Basic Skills You Need To Engage in A Practice
Stance: The boxer needs to remain on the balls of their feet, in a slight squat position sitting back like they are in a chair. The boxer’s body stays aligned at a 45° angle (called being Bladed) except for the face which is pointed forward with the chin down towards the chest. Hands are up at approximately the cheekbones, while still retaining full vision. The feet are shoulder width apart with the dominate foot towards the back. The toes of this back foot should be aligned with the heel of the lead foot. Approximately 60% of the boxer’s weight is on the back foot.
Basic understanding of the four punches:
Jab: A punch where the fist of the lead hand moves directly from the face to the target that is accompanied by a simultaneous step with the lead leg and push off of the back foot, creating a springing motion with the legs. This is often referred to as a "1".
Straight Punch: A punch where the fist of the back hand moves directly from the face to the target that is accompanied by a simultaneous pivot of the back foot, engaging the muscles of the leg, buttocks, and abdomen. This is often referred to as a "2".
Hook: A punch using either the lead or back hand that arcs away from the face to the target. This is accompanied by a simultaneous pivot of the same leg as the hand used, engaging the muscles of the leg, buttocks, and abdomen. This is often referred to as a "3".
Upper-Cut: A punch using either hand in which the fist lowers to approximately chin level as the legs bend the into a deeper sit position and then spring up from underneath of the target.
Any one of these offensive punches can be used in any combination with each other, for example, a basic combination is a Double Jab-Straight combination. This combination consists of three punches quickly executed together with a certain rhythm and timing.
Footwork can also be classified as offensive movements. Learning to move forward and backwards is good, but is not all that you need. Footwork and body language are what wins fights. The place to start is with Lateral and Longitudinal Movements. After that, you can begin to learn how to cut angles:
Lateral and Longitudinal Movement: Leading with the foot of the direction that you would like to go first, take a normal size step that direction while maintaining a stable stance. For example, to go left, lead with the left foot, to go forward, lead with the lead foot. Follow with the same size step with the remaining foot, ending back up in a stable stance, with feet shoulder width apart.
Cutting Angles: Cutting angles is footwork that ends up giving you the advantage. It is what leads you to be "ahead" of your opponent. You have moved in an arch (in either direction) as opposed to a straight line. This allows you to stay in distance of your opponent, but they cannot reach you to effectively land a punch.
Like the offensive movements, these defensive movements can, and should, all be used in combination with each other. Also like offensive movements, a coach would often teach particularly common defensive combinations. For Example: slip-parry-Straight. In this example, the Straight is the counter punch.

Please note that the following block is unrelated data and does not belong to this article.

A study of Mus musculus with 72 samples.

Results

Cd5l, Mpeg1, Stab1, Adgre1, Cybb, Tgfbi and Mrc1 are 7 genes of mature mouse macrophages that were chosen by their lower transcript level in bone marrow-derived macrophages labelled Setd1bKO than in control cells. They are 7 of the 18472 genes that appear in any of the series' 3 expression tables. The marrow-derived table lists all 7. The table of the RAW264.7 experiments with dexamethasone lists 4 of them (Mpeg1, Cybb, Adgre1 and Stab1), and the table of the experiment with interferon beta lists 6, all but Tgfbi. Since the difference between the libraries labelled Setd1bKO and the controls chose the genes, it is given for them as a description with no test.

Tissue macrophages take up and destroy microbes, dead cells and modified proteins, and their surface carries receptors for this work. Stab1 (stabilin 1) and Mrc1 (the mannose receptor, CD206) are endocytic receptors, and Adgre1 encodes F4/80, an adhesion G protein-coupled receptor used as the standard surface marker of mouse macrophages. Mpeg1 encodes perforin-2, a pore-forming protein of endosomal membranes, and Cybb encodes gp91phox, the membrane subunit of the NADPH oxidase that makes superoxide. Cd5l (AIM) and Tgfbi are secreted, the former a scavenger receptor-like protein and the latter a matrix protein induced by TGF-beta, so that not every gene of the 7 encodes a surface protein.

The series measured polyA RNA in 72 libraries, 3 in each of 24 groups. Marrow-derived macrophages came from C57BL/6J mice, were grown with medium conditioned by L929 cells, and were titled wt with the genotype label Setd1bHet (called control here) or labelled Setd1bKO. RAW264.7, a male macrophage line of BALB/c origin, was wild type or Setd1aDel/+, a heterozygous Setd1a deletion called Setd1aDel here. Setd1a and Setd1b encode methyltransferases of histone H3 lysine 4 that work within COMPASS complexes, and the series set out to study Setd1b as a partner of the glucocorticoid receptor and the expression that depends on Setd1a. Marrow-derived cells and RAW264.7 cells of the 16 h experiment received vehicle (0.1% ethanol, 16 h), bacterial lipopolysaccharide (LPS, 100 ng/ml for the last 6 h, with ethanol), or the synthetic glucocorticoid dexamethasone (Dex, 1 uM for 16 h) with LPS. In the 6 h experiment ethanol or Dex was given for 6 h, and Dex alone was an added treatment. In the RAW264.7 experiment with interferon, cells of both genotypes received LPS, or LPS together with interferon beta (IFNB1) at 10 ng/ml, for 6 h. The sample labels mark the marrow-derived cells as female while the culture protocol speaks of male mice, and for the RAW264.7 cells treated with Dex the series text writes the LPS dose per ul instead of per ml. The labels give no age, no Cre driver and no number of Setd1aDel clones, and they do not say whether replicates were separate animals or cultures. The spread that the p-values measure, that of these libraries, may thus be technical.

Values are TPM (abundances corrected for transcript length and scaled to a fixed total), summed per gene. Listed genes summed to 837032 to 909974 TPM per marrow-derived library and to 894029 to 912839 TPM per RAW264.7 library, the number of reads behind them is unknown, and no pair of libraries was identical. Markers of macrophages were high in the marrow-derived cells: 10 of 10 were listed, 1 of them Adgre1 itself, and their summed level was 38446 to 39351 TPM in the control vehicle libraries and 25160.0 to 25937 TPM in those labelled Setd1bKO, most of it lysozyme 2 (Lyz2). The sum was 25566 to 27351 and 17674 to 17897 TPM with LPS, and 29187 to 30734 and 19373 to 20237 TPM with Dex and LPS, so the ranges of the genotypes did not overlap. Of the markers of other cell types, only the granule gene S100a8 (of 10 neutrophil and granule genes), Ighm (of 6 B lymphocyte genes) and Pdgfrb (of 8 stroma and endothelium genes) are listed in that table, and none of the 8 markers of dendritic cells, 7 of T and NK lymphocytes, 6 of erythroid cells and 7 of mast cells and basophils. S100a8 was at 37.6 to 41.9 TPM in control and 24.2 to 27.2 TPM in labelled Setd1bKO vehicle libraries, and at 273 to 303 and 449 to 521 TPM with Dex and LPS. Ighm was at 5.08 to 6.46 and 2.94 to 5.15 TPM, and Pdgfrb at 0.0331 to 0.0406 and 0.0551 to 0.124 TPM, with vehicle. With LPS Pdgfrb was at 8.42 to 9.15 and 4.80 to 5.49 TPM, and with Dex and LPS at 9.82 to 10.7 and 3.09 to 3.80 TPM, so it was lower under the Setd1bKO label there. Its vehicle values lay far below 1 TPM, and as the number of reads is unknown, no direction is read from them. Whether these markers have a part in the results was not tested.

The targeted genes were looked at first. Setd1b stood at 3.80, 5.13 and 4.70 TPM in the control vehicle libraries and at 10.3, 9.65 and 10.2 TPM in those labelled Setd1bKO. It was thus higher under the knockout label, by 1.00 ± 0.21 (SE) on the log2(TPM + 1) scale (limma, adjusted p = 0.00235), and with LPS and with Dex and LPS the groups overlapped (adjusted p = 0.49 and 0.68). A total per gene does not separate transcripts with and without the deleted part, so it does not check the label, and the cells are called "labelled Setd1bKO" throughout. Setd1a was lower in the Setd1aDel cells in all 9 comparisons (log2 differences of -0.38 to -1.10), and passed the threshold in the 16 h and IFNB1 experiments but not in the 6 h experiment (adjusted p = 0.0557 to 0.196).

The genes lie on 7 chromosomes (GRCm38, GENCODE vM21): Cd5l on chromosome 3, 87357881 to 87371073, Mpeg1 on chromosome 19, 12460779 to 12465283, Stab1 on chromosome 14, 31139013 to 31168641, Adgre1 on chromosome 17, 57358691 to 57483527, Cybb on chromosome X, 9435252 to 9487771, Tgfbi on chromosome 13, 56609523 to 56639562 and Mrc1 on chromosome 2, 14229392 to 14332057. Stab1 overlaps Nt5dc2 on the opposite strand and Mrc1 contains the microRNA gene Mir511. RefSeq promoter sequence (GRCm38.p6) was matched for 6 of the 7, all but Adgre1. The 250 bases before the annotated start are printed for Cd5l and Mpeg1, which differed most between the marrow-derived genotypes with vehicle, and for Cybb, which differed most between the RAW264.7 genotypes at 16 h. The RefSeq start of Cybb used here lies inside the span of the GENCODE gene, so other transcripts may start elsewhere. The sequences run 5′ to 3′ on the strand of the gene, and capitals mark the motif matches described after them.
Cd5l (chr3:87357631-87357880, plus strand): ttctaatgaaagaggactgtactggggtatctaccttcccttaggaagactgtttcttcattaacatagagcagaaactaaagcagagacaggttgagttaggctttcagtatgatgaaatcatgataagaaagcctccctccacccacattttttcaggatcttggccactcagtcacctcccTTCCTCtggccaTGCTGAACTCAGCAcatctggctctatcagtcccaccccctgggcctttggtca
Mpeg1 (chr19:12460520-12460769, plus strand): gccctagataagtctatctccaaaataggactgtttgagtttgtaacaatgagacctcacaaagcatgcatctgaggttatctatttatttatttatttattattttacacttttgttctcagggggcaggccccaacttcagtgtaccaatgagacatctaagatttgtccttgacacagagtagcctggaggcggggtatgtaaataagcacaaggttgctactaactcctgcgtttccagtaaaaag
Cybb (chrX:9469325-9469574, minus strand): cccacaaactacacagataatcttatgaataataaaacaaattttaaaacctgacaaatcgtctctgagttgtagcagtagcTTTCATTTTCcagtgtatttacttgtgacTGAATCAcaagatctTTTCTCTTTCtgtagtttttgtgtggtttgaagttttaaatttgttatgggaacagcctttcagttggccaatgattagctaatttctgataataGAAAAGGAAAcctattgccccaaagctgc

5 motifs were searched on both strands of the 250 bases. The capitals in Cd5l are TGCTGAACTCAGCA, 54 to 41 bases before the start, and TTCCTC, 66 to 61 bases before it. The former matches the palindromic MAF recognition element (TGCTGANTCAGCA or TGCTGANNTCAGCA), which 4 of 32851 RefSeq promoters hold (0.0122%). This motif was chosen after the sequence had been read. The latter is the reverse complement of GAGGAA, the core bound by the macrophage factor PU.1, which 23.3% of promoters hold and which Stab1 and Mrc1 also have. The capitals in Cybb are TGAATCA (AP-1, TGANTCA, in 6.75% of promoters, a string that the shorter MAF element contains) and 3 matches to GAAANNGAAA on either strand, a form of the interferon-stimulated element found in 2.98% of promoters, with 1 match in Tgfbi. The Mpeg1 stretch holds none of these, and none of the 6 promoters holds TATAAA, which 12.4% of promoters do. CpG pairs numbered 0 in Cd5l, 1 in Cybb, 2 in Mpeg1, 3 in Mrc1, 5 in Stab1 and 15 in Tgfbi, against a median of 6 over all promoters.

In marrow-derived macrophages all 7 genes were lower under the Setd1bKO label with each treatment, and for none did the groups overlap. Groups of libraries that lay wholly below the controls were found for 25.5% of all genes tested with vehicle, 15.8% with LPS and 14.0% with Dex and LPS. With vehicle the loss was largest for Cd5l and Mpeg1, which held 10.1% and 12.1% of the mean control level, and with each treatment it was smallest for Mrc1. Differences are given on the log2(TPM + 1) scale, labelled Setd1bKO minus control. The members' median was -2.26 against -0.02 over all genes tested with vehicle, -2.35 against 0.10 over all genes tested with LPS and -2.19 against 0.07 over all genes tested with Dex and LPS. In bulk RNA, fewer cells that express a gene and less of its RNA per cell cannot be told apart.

Defensive-Jab: This Jab is used while taking a step backwards with the back leg first, just as an offensive Jab is executed as one takes a step forward with the lead leg first.
Parry: Opening the glove, and coming slightly away from the face, use the fingers of the glove to push the punch down.
Block: A movement performed in order to place part of the glove or arm in between an opponent’s punch and the boxer’s body.
Slip: A shift in weight placement that moves the targeted area out of the way and outside of the incoming punch.
U-Bend: Sitting deeper into the boxer’s stance, the boxer takes one step with the foot of the direction he or she is going (for example, to go left, first step with the left foot) while bending slightly at the waist under the punch.
Head Movement: This may seem simple, but takes a long time to perfect. It is simply moving your head to keep the target of your face as a moving target for the opponent and harder to hit. It takes less energy and is faster than a slip. Unlike a slip, it should be occurring continuously throughout the match.
Counter-Punch: A counter punch is a punch that comes off of a defensive movement. This might be a jab over the top of an opponent’s punch after a parry, or it might be a hook following a U-Bend. It is a quick punch decided on in the moment based on where the boxer’s weight currently is following the defensive movement. These can be some of the most effective punches used in a match since a boxer (therefore the defensive boxer’s opponent) is most off balance and open while attempting to execute a punch.
Foot Movement: This can be something as simple as moving to stay out of distance of the opponent, and as complex as cutting angles to stay in distance, but “ahead” of the other fighter: you can reach them and land a punch, but they cannot before you have moved again.